In 2015 I was playing Dorcas in a production of Seven Brides for Seven Brothers and in this particular production Dorcas had a little sister. The actress playing my little sister was six or seven years old and naturally we hit it off right away. One day she arrived at the theater with a drawing she had made for me. All over her masterpiece she had used a stamp that said “your struggle is not your identity.” How magical it is when the universe presents you with exactly what you need to hear at exactly the right time.
I think we all can do a better job of owning who we are without outside labels, accolades, or fancy titles. When I first graduated college my identity was so wrapped up in the situation I found myself in. I booked a lot of work as a musical theater performer those first few years out of school and so it was very convenient for me to link my identity with the fact that I was a working actress. The same thing happened when I joined the union; I became an equity actor. My identity was tied to the fact that I had “earned” my way into obtaining union membership. At the time this was all fine and dandy because nothing was challenging my distorted sense of self.
But what happens when you go through a period of unemployment? If you identify as an actor (read: employed actor) what happens to your identity if you aren’t being paid to act? The last time I was paid to perform onstage in a musical was December of 2017, four years ago. The first two years of that shift was a huge adjustment for me. I struggled immensely. I grappled with “your struggle is not your identity” over and over again. Because not only was my identity wrapped up in my employment as an actor but my self worth was too. That’s actually the reason this blog was born. The reason why I started to do the internal work necessary to truly believe that my struggle is not my identity. I saw a very similar shift happen during the shutdown for friends of mine who had also been identifying as an actor contingent upon their ability to get paid to work.
Over the years I have come back to this sentence whenever I find myself in a particularly tough time of struggle. It has brought an immense amount of clarity and reassurance. I have also substituted the word failure for struggle when it seems more fitting to my situation. But I think this powerful sentence is only one half of the truth. And so “your struggle is not your identity” recently received an upgrade.
Your struggle/failure is not your identity and neither are your accomplishments.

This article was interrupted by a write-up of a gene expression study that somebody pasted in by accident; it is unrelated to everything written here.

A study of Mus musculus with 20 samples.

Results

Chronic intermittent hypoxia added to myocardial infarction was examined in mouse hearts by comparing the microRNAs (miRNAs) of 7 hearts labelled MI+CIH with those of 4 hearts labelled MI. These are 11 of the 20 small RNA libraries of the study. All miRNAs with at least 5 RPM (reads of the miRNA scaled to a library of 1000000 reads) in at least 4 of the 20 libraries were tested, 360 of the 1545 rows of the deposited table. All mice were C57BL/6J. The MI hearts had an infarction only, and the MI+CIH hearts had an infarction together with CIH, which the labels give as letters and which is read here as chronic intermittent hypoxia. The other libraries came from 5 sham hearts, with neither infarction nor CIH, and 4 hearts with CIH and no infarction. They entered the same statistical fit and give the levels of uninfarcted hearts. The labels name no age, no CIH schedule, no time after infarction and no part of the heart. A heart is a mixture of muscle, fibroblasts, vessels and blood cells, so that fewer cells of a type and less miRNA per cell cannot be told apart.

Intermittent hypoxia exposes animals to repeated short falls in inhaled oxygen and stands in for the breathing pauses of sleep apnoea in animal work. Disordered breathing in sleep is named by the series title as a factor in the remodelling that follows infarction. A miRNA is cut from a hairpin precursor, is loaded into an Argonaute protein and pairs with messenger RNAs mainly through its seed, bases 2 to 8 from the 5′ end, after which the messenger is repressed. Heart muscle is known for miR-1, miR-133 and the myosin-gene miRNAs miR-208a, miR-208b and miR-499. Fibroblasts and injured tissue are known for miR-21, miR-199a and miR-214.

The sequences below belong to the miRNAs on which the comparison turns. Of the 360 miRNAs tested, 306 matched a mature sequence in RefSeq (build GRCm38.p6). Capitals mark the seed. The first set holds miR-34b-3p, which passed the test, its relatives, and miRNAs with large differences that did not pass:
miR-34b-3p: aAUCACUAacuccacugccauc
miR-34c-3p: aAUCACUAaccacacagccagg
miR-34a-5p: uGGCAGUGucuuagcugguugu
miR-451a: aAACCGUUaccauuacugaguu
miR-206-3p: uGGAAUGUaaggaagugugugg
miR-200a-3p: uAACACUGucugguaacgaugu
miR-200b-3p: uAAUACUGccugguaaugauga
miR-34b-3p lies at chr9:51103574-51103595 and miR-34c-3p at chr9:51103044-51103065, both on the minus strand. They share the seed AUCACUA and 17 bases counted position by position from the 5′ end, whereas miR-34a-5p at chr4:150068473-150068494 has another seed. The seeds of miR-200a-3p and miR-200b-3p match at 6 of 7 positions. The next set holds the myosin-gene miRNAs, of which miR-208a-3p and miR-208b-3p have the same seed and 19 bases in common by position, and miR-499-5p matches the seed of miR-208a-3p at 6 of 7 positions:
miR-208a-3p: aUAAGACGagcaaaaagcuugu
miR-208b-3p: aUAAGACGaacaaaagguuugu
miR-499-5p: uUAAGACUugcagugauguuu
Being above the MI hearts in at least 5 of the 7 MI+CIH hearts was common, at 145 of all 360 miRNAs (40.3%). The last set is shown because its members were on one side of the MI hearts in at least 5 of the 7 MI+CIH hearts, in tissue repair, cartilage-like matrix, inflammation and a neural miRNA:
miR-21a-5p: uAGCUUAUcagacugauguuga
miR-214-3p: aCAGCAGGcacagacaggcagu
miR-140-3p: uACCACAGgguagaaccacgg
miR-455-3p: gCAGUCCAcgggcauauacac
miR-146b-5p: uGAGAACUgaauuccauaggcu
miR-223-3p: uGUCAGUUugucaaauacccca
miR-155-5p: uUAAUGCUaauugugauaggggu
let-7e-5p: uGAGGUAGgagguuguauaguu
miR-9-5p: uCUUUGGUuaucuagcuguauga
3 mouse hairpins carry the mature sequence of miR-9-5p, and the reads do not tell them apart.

Being a Broadway actor isn’t your identity. Being a Tony Award winning actor isn’t your identity. Being a final callback and shortlisted actor isn’t your identity. Being booked and blessed isn’t your identity. These are all jobs you might have had, awards you might have won, and exciting processes you might have gone through but they don’t make you who you are. Regardless of your struggles and your accomplishments you are a human first. It’s that simple. You are an imperfect, nuanced, complicated human being with a unique point of view. That point of view is your identity, not the things you’ve done. This distinction is important to make because if we don’t we run the risk of determining who we are based on what we have and have not done, which means we never really get to know ourselves. To be totally corny and quote Edward Kleban, “who am I anyway? Am I my resume?”
This morning I was listening to the podcast We Can Do Hard Things with Glennon Doyle, episode 62: The Big Lies & the Truth About Happiness with Dr. Laurie Santos. One thing that Dr. Santos touched upon that really stood out to me was the ways in which other cultures value things that lead to higher levels of happiness. At one point during the conversation Dr. Santos started talking about Denmark. Denmark tends to rank pretty high on the list of happiest countries in the world. Apparently, in Denmark you don’t really talk about your accolades at work and when meeting someone for the first time you don’t ask “what do you do?” It just isn’t part of your identity in the same way that it is here. But here in the U.S. we are so wrapped up in what we do and what we accomplish in our careers that it takes over our entire identity. I think we can all learn to be a bit more like Denmark.
For the past four years I have done a lot of work tearing down who I thought I was and rebuilding an identity for myself that is based on honest, hands in the mud soul searching. It was hard work. There were lots of tears involved, therapy, meditation, journaling, so many self help books, and time spent away from my phone and social media. But now I identify as so much more than I used to give myself credit for. I am an artist. I am a creative. I am a storyteller. I am an educator. But above all, I am a perfectly imperfect human being.